FORT LAUDERDALE, Fla. -- Orioles outfielder Jay Gibbons thought about it for a moment, racking his brain in an effort to come up with the ideal comparison for Nick Markakis.
Then, while maintaining a perfectly straight face, Gibbons blurted out, "Babe Ruth."
"From what I've seen, yeah, I'd compare him to Babe Ruth," Gibbons said about the fellow outfielder. "I haven't seen him make an out yet. I haven't seen him swing and miss yet. He either walks or gets a hit."
The ever-sarcastic Gibbons, of course, was kidding - at least about the Babe Ruth comparison. In 11 plate appearances this spring, Markakis, the organization's top position prospect, has reached base 10 times, including two doubles in the Orioles' 12-8 victory over St. Louis yesterday, to raise his on-base percentage to .909. He has a home run, two doubles, four singles and four walks, making an early statement that he belongs on the Orioles' Opening Day roster.
It isn't often that a 22-year-old without a single game of major league experience becomes the talk of spring training, but that's been the case here, where seemingly every Markakis at-bat draws a series of oohs and aahs from fans and teammates alike.
"Everybody is talking about him," said Orioles third baseman Melvin Mora. "I think this kid is going to be awesome. He doesn't swing at bad pitches. He hits for power."
Said infielder Chris Gomez: "The guy squares the ball on his bat like it's his job. I don't think I've ever seen him take a bad swing."
Gomez was first impressed by Markakis last season, when the outfielder was invited to major league camp for a stretch to help beef up the Orioles' travel roster. This, however, is Markakis' first full major league camp.
"Last year, it seemed very much like he was feeling his way and maybe wasn't quite sure he belonged," Orioles hitting coach Terry Crowley said. "This year he fits right in, looks terrific in the batter's box. He's got a bright future. Whether his future starts this year with us or he needs more seasoning, that remains to be seen."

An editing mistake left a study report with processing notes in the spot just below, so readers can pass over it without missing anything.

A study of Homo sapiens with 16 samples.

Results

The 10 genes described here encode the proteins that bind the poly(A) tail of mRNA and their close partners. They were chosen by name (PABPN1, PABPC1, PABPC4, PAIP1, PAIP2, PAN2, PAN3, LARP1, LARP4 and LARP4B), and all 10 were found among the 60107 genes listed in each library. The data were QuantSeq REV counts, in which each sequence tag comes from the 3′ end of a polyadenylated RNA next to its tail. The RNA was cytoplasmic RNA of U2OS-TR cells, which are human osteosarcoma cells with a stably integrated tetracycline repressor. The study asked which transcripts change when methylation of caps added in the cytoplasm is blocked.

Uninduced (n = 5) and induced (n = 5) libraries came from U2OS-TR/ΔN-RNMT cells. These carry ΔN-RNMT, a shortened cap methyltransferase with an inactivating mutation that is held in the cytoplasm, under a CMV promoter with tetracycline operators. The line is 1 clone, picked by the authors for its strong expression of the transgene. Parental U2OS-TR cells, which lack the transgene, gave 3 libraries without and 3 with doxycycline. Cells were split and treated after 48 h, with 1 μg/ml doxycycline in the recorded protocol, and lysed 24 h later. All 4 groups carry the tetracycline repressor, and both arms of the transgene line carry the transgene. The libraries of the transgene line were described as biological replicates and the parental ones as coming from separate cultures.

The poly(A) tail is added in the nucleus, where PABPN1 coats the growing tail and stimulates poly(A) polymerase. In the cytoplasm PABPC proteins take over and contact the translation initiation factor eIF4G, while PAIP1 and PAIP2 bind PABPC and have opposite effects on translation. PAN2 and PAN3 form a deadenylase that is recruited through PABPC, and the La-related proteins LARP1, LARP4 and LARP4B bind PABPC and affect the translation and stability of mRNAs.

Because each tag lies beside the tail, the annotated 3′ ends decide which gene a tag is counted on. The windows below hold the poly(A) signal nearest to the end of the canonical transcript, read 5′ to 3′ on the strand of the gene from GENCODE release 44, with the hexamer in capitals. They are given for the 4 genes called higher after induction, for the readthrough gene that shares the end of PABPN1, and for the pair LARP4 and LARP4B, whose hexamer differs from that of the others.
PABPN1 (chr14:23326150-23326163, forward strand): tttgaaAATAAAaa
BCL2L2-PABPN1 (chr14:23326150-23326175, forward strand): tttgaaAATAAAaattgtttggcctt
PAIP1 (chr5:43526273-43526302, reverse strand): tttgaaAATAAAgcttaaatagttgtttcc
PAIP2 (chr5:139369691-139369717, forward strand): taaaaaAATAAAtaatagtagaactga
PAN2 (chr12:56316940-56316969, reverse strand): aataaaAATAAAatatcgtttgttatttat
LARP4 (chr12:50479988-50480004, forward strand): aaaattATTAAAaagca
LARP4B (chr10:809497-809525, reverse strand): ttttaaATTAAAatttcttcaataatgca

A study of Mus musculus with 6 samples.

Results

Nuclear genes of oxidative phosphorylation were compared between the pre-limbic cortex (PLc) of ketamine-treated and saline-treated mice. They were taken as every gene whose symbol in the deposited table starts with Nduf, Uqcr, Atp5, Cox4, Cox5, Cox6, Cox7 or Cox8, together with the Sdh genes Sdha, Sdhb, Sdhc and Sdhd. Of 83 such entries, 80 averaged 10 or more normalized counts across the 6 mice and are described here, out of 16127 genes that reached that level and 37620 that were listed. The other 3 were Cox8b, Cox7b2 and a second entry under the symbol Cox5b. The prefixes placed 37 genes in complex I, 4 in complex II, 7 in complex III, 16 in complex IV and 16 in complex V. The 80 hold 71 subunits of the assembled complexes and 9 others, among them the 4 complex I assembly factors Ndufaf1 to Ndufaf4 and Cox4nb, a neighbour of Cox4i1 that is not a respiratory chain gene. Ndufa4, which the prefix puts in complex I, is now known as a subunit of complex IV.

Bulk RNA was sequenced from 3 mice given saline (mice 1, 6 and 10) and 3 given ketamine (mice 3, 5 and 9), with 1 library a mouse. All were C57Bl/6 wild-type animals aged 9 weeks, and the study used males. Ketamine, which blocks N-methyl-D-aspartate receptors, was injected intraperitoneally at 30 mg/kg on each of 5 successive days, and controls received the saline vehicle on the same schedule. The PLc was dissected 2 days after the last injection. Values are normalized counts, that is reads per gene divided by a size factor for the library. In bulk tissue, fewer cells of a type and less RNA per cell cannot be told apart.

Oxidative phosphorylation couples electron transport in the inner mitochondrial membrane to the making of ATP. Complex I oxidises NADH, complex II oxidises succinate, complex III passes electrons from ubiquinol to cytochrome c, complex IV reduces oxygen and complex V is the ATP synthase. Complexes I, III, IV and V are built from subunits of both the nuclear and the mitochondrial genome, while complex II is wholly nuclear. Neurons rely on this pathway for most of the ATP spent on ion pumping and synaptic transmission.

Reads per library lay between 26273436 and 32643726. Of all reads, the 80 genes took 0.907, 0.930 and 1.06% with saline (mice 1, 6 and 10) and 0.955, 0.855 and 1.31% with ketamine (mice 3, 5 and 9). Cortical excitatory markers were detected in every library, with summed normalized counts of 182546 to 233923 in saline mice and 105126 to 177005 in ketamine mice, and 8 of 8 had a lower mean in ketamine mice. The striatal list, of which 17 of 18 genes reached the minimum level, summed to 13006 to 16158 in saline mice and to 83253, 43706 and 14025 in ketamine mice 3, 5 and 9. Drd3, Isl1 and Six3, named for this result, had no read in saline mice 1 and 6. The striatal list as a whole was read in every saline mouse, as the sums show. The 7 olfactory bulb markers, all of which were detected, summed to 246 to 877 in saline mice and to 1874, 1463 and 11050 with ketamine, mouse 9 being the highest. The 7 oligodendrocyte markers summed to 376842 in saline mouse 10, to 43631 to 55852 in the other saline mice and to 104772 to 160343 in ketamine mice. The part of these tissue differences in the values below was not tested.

Several high-ranking officials have said privately that they'd prefer that Markakis begin the season in the minor leagues. Even after he hit .339 for Double-A Bowie in 33 games, some team officials want Markakis, who was rated the 21st best prospect in Baseball America, to dominate Triple-A pitching before donning an Orioles uniform.
However, with an overwhelming spring, Markakis could leave the Orioles with little choice. The club still doesn't have a starting left fielder and one of the candidates, Richard Hidalgo, has left the team and isn't likely coming back. Markakis, who can play all three outfield positions, is also considered solid defensively, though he has gotten some bad jumps this spring.
"I am the kind of guy that if a guy is good, put him in there," Mora said. "I don't care [about his age]. I see a lot of young guys in the big leagues.
"This guy is quiet at home plate, he's got discipline, and you don't see those things with young kids. I would love to see this kid [on the Opening Day roster]. It's not my decision, but I feel he's pretty special. I think he's going to help us a lot. How are you going to learn if you don't get put in there?"
For his part, Markakis maintains that he isn't consumed by the thought of where he'll be when the Orioles open the season on April 3.
"There are a lot of good guys out here, but there are some spots open," said Markakis, the Orioles' first-round selection in the 2003 draft. "My main focus is just going out there and working hard every day, not try to overdo anything, or over-impress anybody."
Markakis certainly looks like he belongs. He walks around the clubhouse with a quiet confidence that borders on cockiness. He has drawn raves from teammates for going about his business quietly, but efficiently.
"He looks like he's on a mission to try to win a job," Gibbons said. "He means business. I've talked to him a little bit and he seems like he's all baseball. He's got that right attitude to win a job. He has certainly lived up to the hype so far."